As Fairfax County Public Schools (FCPS) students rejoiced at the news of a snow day and then another snow day this week, the grim reality seemed to be out of sight. Unfortunately, Mother Nature has been unpredictable this winter, with eight snow days thus far for FCPS. When such catastrophic winters strike, FCPS should be more prepared to deal with the consequences.
With more and more snow, FCPS will have no option but to extend the school year. What may seem like a reason to rejoice now may not feel the same Feb. 17, April 7 and June 23, the days slated for makeups. As mandated by the Commonwealth of Virginia, FCPS is required to reach a certain number of instructional hours for the year.
Instead of taking away student holidays, extending the school year or extending the school day, FCPS should be more prepared. While more rural, Loudoun County Public Schools (LCPS) has 15 snow days built into its calendar. FCPS will not be closed every time LCPS is, but western Fairfax often has similar amounts of wintery precipitation as Loudoun.
But how would FCPS take on such a feat? It’s quite a simple solution. With well over 100 days in the school year, adding as few minutes as five or 10 to the school day would be efficient. Over the course of the year, that would be equal to multiple days of school, giving FCPS more leeway to close when it is necessary, without having to make up days.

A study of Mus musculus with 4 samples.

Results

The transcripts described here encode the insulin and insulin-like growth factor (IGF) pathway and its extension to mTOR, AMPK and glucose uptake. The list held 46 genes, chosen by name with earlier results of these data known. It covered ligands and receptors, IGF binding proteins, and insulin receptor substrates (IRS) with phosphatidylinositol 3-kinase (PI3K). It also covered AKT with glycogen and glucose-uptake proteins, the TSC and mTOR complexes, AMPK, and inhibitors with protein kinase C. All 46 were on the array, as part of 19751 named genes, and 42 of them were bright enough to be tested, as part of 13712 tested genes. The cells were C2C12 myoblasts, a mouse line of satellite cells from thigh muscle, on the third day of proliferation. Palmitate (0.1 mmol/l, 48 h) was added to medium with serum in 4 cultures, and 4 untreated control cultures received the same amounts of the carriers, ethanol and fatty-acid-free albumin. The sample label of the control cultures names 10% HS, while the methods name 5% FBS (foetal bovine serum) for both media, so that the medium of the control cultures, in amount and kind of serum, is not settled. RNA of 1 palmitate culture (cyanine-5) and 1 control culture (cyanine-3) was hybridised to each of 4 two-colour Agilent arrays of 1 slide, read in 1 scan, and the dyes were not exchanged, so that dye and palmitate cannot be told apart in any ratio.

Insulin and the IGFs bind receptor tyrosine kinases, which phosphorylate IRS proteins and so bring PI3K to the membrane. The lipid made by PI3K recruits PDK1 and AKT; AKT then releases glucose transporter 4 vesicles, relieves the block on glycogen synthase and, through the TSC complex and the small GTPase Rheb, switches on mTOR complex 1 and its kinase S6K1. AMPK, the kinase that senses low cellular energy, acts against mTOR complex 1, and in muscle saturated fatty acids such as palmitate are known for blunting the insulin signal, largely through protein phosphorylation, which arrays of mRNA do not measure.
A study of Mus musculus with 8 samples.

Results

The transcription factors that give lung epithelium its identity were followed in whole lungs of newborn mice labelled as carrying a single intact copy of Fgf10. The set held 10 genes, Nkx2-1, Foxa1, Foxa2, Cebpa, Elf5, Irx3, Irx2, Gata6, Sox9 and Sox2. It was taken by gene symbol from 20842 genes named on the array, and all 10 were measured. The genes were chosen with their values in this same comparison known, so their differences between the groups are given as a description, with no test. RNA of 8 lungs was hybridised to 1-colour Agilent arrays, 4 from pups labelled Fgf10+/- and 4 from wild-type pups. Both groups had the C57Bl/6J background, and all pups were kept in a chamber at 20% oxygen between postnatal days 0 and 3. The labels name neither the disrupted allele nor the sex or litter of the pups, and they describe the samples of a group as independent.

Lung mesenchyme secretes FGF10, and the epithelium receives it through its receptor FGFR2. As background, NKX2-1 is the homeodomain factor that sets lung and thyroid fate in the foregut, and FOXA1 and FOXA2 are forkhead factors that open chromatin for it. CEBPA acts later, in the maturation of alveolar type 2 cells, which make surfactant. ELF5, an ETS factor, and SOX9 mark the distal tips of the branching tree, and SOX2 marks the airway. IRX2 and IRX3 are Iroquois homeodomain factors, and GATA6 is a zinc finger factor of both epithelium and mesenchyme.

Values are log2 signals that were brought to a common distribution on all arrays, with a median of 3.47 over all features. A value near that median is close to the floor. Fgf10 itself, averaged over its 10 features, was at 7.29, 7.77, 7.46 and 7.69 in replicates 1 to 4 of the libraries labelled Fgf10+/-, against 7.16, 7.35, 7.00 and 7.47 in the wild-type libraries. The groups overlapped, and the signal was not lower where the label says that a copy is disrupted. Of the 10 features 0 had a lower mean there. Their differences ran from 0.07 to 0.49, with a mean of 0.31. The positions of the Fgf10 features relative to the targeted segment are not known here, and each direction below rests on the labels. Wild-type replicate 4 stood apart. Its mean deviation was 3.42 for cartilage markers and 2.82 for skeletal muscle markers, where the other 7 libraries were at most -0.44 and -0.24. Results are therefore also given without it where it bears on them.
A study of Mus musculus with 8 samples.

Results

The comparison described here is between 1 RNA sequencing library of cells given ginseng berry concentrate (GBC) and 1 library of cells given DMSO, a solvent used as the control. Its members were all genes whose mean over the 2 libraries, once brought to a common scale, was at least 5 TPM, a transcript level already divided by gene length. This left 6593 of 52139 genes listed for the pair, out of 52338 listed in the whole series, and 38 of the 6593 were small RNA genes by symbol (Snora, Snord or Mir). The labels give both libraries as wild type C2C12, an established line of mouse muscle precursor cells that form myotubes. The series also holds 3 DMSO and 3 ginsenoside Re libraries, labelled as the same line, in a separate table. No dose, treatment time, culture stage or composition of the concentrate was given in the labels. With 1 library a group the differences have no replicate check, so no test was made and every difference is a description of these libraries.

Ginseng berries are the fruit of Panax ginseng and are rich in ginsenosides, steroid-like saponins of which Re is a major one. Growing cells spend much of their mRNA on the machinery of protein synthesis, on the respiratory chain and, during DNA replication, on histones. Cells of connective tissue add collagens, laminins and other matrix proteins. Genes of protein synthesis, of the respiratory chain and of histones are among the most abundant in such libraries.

Regardless of how FCPS decides to handle the situation, they need to make sure that they more adequately and responsibly handle inclement weather. Jan. 7, the infamous “cold day,” was one such mishandling. While later days were colder with some ice on the roads, FCPS had to make the decision to delay the day by two hours because of their lack of available days. Even if Jan. 7 should have seen closed school doors, FCPS should have not have been forced to keep schools open later just because of a lack of available days.
Not every year sees the wintry weather we have recently, frankly not even every other year does. But when it does, FCPS should be more prepared to handle it. They should not have to risk students’ safety because of poor planning with the shortness of the school day. FCPS should add a few minutes to the day, and when the winter is a flop, they should cut the year a few days.